Alsop's fables: Pink hairdryers, Cantona and Kick it Out
Former Robins' striker Julian Alsop's weekly column:
HELLO folks, I must start off with a big thank you to a certain someone who gave me a lift home after the Gloucester-Bordeaux fixture last week.
Now you may feel that there’s nothing interesting in that story, but how many times have you been to a sporting event when one of the main players gives you a lift home?
I am not going to name the player just in case the other players give him stick about the next bit because when we jumped in the car we did have a giggle at his expense.
Now Bucko, I don’t think you need the hair dryer, do you?
But thanks again for the lift, pal.Who did the pink hair dryer belong to?
MY GENTLE SHOVE TO SUPPORTER WHO GOT RIGHT IN MY FACE:
THERE have been a couple of big stories in the world of football.
The first was when a lad ran on to the pitch and assaulted Sheffield Wednesday goalkeeper Chris Kirkland.
Many years ago, something kind of similar happened to me.
I got sent off for a terrible two-footed lunge on a player who had got me booked, thanks to some play-acting a few moments before.
I told him that I was then going out to get him and sure enough I did. It was a horrendous challenge and it’s certainly not something I am proud of now.
It was a mad reaction and I had let my team down.
But it was when I was walking off the pitch that a supporter from the other team came down from the stand and got right in my face.
Nobody had stopped him and by now he was right in my face, so I shoved him to the ground, gently I might add.
I carried on into the changing rooms, only to be followed by three police officers wanting to chat about the incident.
At first I thought they were on my side until they said that I couldn’t do that, because it was assault.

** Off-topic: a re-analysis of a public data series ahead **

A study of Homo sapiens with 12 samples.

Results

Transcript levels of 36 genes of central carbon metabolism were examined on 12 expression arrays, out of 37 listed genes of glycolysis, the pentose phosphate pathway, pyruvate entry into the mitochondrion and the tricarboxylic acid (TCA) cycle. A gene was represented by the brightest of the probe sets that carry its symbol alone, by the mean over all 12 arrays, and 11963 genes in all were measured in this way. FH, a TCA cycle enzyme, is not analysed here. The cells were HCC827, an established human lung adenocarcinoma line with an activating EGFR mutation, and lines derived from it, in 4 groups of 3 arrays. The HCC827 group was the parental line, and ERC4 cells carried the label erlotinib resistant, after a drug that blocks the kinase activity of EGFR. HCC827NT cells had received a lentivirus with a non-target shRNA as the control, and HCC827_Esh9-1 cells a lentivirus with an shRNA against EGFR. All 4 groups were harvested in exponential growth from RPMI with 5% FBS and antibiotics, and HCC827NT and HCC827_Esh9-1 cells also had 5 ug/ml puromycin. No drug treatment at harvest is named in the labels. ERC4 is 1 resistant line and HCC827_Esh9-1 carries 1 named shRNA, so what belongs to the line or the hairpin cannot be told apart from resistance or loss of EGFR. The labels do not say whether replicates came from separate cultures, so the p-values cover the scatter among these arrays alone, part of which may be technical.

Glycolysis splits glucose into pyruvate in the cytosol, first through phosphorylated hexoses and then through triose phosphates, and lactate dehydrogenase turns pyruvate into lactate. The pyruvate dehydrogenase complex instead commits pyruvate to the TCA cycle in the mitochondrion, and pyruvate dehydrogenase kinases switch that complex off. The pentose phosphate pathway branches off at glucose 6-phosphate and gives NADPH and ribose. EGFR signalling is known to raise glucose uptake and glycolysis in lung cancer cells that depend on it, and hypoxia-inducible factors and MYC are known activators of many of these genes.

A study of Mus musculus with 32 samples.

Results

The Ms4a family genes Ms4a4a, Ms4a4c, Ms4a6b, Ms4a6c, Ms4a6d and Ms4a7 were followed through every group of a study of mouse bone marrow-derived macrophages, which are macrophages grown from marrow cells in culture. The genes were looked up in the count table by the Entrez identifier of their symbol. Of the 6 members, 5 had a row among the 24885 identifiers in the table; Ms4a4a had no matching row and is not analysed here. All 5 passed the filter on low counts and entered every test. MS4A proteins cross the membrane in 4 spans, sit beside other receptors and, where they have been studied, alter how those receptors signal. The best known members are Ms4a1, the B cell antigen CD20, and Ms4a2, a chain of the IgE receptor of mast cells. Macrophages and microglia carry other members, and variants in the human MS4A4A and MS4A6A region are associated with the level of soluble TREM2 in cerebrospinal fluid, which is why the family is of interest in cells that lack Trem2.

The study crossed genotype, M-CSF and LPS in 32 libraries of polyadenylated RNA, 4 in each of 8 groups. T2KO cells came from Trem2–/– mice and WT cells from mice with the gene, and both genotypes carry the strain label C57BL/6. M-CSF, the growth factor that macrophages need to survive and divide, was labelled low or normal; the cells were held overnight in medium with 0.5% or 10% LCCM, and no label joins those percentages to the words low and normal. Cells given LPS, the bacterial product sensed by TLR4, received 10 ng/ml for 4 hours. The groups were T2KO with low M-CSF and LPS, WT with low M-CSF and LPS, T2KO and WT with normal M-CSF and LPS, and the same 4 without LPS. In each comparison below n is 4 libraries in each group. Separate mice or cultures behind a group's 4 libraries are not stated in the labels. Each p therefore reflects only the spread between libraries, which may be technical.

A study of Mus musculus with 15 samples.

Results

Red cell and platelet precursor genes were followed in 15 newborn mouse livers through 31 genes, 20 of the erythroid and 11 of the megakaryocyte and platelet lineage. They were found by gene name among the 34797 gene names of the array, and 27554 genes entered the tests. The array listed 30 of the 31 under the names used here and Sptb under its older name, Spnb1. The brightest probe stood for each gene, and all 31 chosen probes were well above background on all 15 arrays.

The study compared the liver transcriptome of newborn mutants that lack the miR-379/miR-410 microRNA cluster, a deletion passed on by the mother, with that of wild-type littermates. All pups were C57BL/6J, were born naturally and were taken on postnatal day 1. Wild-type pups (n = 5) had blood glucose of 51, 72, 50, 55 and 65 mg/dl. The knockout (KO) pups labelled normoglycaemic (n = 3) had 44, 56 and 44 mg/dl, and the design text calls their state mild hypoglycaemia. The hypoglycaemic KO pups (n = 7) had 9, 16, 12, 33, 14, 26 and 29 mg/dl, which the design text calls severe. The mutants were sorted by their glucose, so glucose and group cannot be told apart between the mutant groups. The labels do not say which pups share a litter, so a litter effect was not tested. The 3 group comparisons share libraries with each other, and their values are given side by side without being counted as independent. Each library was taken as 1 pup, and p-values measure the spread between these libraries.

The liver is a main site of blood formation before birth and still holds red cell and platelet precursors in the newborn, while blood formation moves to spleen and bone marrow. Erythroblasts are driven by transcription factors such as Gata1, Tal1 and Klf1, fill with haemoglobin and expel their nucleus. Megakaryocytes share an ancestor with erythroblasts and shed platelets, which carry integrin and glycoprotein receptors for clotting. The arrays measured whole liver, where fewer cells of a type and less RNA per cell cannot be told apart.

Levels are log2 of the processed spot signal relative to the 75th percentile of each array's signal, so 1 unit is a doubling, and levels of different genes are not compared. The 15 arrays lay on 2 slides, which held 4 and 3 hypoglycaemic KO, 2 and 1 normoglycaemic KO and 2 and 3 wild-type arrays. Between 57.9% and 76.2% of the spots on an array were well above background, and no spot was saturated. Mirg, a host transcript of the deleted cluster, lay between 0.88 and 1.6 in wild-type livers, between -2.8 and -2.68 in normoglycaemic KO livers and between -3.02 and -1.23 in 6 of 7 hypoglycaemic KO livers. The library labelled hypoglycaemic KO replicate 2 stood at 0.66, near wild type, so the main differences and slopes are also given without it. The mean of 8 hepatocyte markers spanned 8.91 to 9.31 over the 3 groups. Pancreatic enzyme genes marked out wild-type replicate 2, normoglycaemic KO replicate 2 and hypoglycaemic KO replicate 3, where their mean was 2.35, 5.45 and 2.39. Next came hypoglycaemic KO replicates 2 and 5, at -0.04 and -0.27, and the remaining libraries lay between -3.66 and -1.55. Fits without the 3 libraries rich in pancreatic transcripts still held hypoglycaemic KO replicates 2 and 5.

Now hang on, if I had done an Eric Cantona then fair enough, but once you come on the side or near the side of the pitch, sorry, in my eyes I have the right to protect myself.
The police did eventually see it like this after my explanation and took it no further, but I was lucky. One day something serious will happen and it needs to be stopped now.
You don’t see that happen at the rugby, and we should not see it in football.
Harsh punishments are what are needed, not just a sentence of a few months and ground ban. I’m not sure what but something more.
The second thing to make the headlines this week is the fall-out from the Kick It Out campaign, and the T-shirts that seem to be causing something of a stir.
It goes without saying that there is no place for racism in football. However, there are a few issues I feel need raising.
If the FA, the Premier League, the PFA and clubs are going to come out and support the campaign, why don’t they do it for the whole year, not just two weeks?
I remember these two weeks from my playing days. You would get the shirts and banners, wear them once, give them away after the warm-up and it was then all forgotten about until the next year.
Not once during my playing days did I ever have a meeting explaining what the campaign was about.
What is actually being done to educate players, right from the early days in the academy system right through to the senior teams?
Now, if these players think not wearing the T-shirt is their way of making the point then they are very much mistaken.
How can we bang on about locking supporters up for running on the pitch if the players are not doing the same in terms of respecting the wishes of the clubs the FA, PFA and Premier league and the kick racism out campaign?